Earlier this month, we filed suit against the City of Sonoma for unlawful denial of a proposal to construct three homes. We’re fighting for much more than just three homes, though.
California has been experiencing a crisis-level housing shortage for decades. In recent years the problem has finally reached the well off white middle class, bringing the housing question to popular consciousness. While there has been a true shortage of affordable housing for decades, the problem has mostly been borne by the poor, the working class, communities of color, and people who exist at the intersections of each. Of course, this is the United States, where a problem doesn’t rise to the level of urgency until middle class whites are affected. We chose this; we can choose something else, if we want to.
A quick unscientific look at Zillow.com indicates that average rents in Sonoma are upwards of $2,500 per month and reach as high as $5,000 per month for a 3 bedroom home. By comparison, East Oakland rents start at $1,500; nearly half as expensive.
The California State Department of Housing and Community Development requires cities to issue an annual update on progress towards meeting regional housing allocations. Sonoma is currently required to produce 137 units of housing (affordable and otherwise) between 2015 and 2023. So far the city has produced 47 units of affordable housing, while Oakland has produced 480 out of its 4,134 affordable unit mandate.
Riddle me this: Why is Sonoma, a city with rents twice as high as deep east Oakland, producing barely any affordable housing while Oakland with its cheaper rents produces more? Why is the more expensive city required to produce less affordable housing than the cheaper one?
In any reasonable system of housing allocation, it would make intuitive sense to require the more expensive city to build more affordable housing. After all, if we are trying to make California affordable for everyone, it would make the most sense to spend scarce public dollars in the way that would make the biggest impact.
Both of the above questions can be answered, rather unsurprisingly, with an analysis of the outsized power white homeowners have over rental communities of color. These Regional Housing Needs Allocation numbers (RHNA) are allocated to each city using a political process. While new state law is being developed and implemented to instead favor reliance on hard data, a political process leads to the predictable outcome that those with the most power win in the end. This is why Sonoma is able to demand a lower allocation of affordable housing than Oakland, despite the former being wildly unaffordable compared to the latter.
This explains the mechanism behind the absurdly low RHNA requirements, but what is the mechanism behind the low numbers of production? The power dynamics are similar, however there is an important component of our current capitalist free market system of housing allocation that must be considered. While The State is not able to produce housing in the quantities we need (viz. Article 34 of the state constitution), we must rely on the private market to produce affordable housing.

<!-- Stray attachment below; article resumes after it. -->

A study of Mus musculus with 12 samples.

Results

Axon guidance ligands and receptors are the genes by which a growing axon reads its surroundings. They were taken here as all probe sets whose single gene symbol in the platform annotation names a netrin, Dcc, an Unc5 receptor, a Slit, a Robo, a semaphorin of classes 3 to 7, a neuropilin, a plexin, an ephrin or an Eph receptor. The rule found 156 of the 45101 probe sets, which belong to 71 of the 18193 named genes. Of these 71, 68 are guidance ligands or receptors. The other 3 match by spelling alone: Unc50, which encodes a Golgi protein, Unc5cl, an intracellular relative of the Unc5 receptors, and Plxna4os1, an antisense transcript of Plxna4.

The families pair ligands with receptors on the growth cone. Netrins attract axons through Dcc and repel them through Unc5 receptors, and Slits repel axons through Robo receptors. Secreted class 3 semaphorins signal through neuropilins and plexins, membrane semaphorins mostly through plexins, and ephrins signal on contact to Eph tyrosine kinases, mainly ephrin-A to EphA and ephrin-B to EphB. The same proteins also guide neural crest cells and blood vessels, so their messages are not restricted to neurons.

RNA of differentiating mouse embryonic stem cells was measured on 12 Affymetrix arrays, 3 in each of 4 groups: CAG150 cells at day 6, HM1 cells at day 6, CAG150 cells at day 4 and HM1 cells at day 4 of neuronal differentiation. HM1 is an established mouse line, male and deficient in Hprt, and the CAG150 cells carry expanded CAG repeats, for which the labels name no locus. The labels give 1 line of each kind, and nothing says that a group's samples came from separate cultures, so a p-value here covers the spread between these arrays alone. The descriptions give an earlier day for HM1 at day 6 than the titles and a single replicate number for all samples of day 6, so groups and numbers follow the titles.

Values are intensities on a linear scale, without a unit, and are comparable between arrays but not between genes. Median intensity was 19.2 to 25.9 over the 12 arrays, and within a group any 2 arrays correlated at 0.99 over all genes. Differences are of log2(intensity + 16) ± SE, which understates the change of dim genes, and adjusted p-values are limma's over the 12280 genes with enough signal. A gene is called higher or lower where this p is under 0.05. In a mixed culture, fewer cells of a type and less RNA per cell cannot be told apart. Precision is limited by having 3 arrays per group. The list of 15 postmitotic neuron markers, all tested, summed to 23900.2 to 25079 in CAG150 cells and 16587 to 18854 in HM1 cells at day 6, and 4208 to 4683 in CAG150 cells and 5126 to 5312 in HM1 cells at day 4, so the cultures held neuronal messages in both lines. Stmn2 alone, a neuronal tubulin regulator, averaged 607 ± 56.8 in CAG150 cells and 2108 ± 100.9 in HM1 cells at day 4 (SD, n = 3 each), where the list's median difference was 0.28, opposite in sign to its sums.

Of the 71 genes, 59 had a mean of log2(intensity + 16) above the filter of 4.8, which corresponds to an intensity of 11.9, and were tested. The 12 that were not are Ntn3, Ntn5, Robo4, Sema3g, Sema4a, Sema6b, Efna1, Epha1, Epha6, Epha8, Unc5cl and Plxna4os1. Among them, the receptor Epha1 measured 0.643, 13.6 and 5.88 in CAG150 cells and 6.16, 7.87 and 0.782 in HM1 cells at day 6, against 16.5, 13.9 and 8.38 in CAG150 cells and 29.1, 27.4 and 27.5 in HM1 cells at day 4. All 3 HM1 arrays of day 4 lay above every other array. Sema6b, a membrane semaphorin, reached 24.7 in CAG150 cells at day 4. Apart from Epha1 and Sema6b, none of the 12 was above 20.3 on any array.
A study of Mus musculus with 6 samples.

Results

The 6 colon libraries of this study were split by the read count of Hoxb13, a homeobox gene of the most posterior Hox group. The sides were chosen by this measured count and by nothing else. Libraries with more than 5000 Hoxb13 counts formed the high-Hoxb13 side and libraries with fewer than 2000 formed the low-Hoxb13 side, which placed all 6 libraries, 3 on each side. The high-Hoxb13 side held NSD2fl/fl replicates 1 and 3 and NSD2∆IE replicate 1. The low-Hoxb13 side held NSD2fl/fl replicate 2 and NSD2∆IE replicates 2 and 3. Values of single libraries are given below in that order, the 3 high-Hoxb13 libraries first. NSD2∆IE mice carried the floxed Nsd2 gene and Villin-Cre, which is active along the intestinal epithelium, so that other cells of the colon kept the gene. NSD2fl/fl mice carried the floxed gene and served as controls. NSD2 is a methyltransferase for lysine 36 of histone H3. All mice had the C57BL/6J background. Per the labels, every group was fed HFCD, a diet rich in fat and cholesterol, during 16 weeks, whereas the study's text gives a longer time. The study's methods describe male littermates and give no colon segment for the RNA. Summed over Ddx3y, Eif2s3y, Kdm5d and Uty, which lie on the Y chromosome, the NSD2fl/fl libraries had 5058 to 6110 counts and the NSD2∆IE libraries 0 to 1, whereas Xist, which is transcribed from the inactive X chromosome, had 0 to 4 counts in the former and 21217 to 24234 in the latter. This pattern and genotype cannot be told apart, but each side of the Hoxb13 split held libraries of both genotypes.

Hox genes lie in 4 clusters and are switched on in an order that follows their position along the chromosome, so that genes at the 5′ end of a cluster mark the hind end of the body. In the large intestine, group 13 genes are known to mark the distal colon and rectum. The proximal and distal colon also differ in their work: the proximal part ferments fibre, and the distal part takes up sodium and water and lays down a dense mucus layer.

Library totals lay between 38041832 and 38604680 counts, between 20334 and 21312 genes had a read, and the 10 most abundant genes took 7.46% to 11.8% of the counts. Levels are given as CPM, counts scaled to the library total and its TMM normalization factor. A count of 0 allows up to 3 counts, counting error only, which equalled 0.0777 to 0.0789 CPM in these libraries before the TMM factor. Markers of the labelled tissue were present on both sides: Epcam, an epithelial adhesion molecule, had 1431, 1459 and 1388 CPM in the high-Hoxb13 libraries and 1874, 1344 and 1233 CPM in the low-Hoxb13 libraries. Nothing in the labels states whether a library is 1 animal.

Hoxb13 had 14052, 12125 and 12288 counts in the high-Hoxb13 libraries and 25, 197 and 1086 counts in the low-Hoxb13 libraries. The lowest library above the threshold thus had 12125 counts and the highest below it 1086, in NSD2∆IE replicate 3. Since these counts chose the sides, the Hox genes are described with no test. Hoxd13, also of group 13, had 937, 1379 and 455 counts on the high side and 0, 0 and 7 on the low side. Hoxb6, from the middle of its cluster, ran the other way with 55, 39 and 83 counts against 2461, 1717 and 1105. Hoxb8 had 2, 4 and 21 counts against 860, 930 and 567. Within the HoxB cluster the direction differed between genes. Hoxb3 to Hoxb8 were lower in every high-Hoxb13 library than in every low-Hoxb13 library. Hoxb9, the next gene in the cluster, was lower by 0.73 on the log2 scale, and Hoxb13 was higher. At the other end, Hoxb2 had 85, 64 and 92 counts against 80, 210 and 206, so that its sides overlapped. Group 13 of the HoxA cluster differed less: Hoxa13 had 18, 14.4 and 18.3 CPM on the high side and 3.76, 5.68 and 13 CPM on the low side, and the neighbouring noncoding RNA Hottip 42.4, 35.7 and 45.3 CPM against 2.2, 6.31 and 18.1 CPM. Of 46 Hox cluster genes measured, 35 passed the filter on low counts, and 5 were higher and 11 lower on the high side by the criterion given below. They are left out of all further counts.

Relying on the private market to produce housing means the housing we only ever see proposed is what the private market deems financially feasible. What we don’t see is the housing that isn’t proposed. Why aren’t we seeing affordable housing proposed in Sonoma while we’re seeing it proposed in Oakland despite completely opposite needs?
Again, the outsized power of wealthy white landowners.
The City of Oakland has a remarkably fast approval process for housing developments. It can sometimes take as little as 6 months to go from proposing an idea to securing a building permit. In Sonoma, securing permits can take upwards of 5 years. The vast difference can be explained by the predictability of the process. Much of Oakland development is by-right, unable to be challenged or appealed. Sonoma holds the opposite.
Our lawsuit in Sonoma cuts at the heart of this issue. When financing affordable housing in our capitalist mode of production, you are often held to tight deadlines and narrow margins. Miss any of your grant deadlines by even a single day because one of your permits is held up? You could be out the millions of dollars necessary to provide much needed affordable housing. Spend a bit too much of the budget endlessly redesigning the building to appease the aesthetic preferences of the securely housed? Your project could no longer be competitive enough to win financing. Waste too much time fighting spurious appeals from neighbors who feel their views are more important than someone’s future home? You could find construction costs have risen enough in the interim to render your fragile budget completely unworkable.
A wildly unpredictable process like Sonoma’s is anathema to all the needs of affordable housing.
We filed our lawsuit to put an end to Sonoma’s capricious approval pipeline. Creating a predictable process is necessary for affordable housing—as we build it today—to flourish in Sonoma. Our suit doesn’t ask anything out of the ordinary: it isn’t challenging the city’s zoning, it isn’t challenging any fee structure, and it isn’t challenging the outcome of any CEQA analysis. Our suit only asks the City of Sonoma to follow their own rules with predictability and regularity.
The three homes on Brazil St played by the rules. They met every objective requirement, they slogged through the process, and yet despite all this they were denied for specious reasons. However, this is about much more than just three homes. Simply put: we’re asking the City of Sonoma to provide a legal environment in which California builds housing equal to its needs.
If Sonoma says no, we’ll ask a judge to force them to say yes. Being YIMBYs, we are very good at getting cities to say Yes.